The Israeli government claims that Justice Richard Goldstone’s recent Washington Post op-ed exonerates the country from the Goldstone Report’s charge that IDF forces committed war crimes during the 2008-09 Gaza conflict. Not so fast. Goldstone backed away from a particularly controversial charge in the report – one that Human Rights Watch, for example, never made.

But the allegations of serious laws-ofwar violations remain and have yet to see the credible domestic investigations that they require.

Goldstone’s shift focuses on his allegation that Israel had an apparent policy to target civilians.

He now says that information from Israeli investigations “indicate that civilians were not intentionally targeted as a matter of policy.”

Human Rights Watch investigated some – but far from all – the cases addressed in the Goldstone Report. We examined, among others, instances in which Israeli troops fired at and killed 11 Palestinian civilians who had been waving white flags, and cases in which Israeli drone operators fired on and killed 29 people from the same family, including five children playing on rooftops, even though drone technology offers the capacity and time to determine whether the targets were combatants.

These cases were too isolated for us to conclude that they reflected a policy decision to target civilians – a position with which Goldstone now agrees.

But Goldstone has not retreated from the report’s many documented allegations of serious laws-of-war violations by IDF forces – violations that cost many civilian lives. These include Israel’s indiscriminate use of heavy artillery and white phosphorous in densely populated areas and its massive and deliberate destruction of civilian buildings and infrastructure without a lawful military reason. This conduct was so widespread and systematic that it clearly reflected Israeli policy.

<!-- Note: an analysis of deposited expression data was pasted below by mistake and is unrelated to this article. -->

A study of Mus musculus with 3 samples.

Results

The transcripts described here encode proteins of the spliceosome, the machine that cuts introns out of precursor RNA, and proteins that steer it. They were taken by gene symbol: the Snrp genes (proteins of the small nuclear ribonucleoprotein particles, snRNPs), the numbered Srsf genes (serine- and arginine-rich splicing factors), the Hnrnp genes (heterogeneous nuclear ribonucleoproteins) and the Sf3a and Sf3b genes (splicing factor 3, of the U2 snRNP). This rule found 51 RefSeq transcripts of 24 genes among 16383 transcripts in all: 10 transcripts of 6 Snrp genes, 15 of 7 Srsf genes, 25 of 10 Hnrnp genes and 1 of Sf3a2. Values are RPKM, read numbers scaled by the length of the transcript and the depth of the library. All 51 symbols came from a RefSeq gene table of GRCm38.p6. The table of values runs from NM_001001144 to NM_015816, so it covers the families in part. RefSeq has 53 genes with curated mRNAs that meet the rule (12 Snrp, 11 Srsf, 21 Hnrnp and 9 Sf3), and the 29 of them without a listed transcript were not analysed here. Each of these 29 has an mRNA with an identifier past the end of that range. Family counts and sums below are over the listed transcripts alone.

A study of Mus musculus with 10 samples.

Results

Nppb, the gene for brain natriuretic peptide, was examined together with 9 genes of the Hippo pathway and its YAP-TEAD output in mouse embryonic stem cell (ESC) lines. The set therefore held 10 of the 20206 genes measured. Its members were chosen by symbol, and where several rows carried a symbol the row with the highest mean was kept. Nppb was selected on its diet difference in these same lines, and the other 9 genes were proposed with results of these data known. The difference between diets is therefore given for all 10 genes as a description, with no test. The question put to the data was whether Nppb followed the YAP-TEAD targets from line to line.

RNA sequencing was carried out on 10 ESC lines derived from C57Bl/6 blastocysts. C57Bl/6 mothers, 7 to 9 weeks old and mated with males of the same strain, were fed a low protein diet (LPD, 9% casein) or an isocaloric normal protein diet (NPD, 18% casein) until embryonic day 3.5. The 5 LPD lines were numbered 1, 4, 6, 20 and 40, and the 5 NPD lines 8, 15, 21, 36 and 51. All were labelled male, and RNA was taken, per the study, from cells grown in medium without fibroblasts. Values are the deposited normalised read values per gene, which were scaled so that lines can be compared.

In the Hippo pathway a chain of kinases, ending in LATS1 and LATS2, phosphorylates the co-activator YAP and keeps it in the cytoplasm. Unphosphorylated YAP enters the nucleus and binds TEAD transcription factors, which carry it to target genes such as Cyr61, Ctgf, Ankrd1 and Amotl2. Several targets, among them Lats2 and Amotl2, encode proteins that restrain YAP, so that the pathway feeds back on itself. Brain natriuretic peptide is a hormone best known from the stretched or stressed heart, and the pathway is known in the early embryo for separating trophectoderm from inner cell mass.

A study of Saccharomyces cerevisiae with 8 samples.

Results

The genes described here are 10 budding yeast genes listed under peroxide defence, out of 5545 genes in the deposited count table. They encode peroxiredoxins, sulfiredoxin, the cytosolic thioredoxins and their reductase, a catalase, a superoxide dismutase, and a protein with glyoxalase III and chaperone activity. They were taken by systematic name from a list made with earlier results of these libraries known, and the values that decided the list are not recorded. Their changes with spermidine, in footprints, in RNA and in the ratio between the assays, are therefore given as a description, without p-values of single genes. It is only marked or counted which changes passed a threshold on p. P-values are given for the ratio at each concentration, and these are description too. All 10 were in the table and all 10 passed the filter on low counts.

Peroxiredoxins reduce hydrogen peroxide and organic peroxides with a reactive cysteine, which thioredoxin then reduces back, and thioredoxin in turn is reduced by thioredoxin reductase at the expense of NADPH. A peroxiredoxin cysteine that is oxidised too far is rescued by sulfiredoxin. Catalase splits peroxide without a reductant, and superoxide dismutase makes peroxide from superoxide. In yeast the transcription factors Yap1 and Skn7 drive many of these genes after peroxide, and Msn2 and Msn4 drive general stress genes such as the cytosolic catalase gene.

GOLDSTONE’S COMMENTS about Israeli investigations were similarly nuanced and limited. First, he wrote, the investigations “established the validity of some incidents that we investigated in cases involving individual soldiers.”

In other words, Israeli investigations have not disproved the Report’s allegations of apparent war crimes by particular soldiers. Second, Goldstone shares the concerns of the recent UN experts’ report that Israel has concluded few inquiries and that its proceedings lacked transparency.

In fact, Israel’s investigations look good only by comparison with Hamas, which has done nothing to investigate its war crimes. As the recent UN experts’ report notes, the IDF has investigated the conduct of individual soldiers in some 400 alleged cases of operational misconduct in Gaza. But the UN report raised serious doubts about the thoroughness of these investigations. To date, Israeli military prosecutors have indicted only four soldiers and convicted three. Only one soldier has served jail time (7.5 months) for stealing a credit card.

Human Rights Watch has also documented the IDF’s failure to investigate many serious allegations of abuses. In some cases closed by military prosecutors, Human Rights Watch found evidence that strongly suggests violations of the laws of war.

Most important, Israel has failed to investigate adequately the policy-level decisions that apparently resulted in wide-scale attacks in Gaza. Those decisions are obviously the most sensitive because they involve senior officials.

Moreover, as the UN report points out, the impartiality of the Military Advocate General in charge of investigations must be questioned because he would be expected to have taken part in those policy decisions. Israeli human rights organizations have repeatedly called for independent, non-military investigations into the IDF’s conduct during Operation Cast Lead, but the government has refused.

The government is neglecting these crucial details in its effort to bury the Goldstone Report. Even after Goldstone’s op-ed, many of the report’s serious allegations remain unaddressed. Will the Israeli government live up to its duty to credibly investigate these charges and hold violators to account?

The writer is executive director of Human Rights Watch.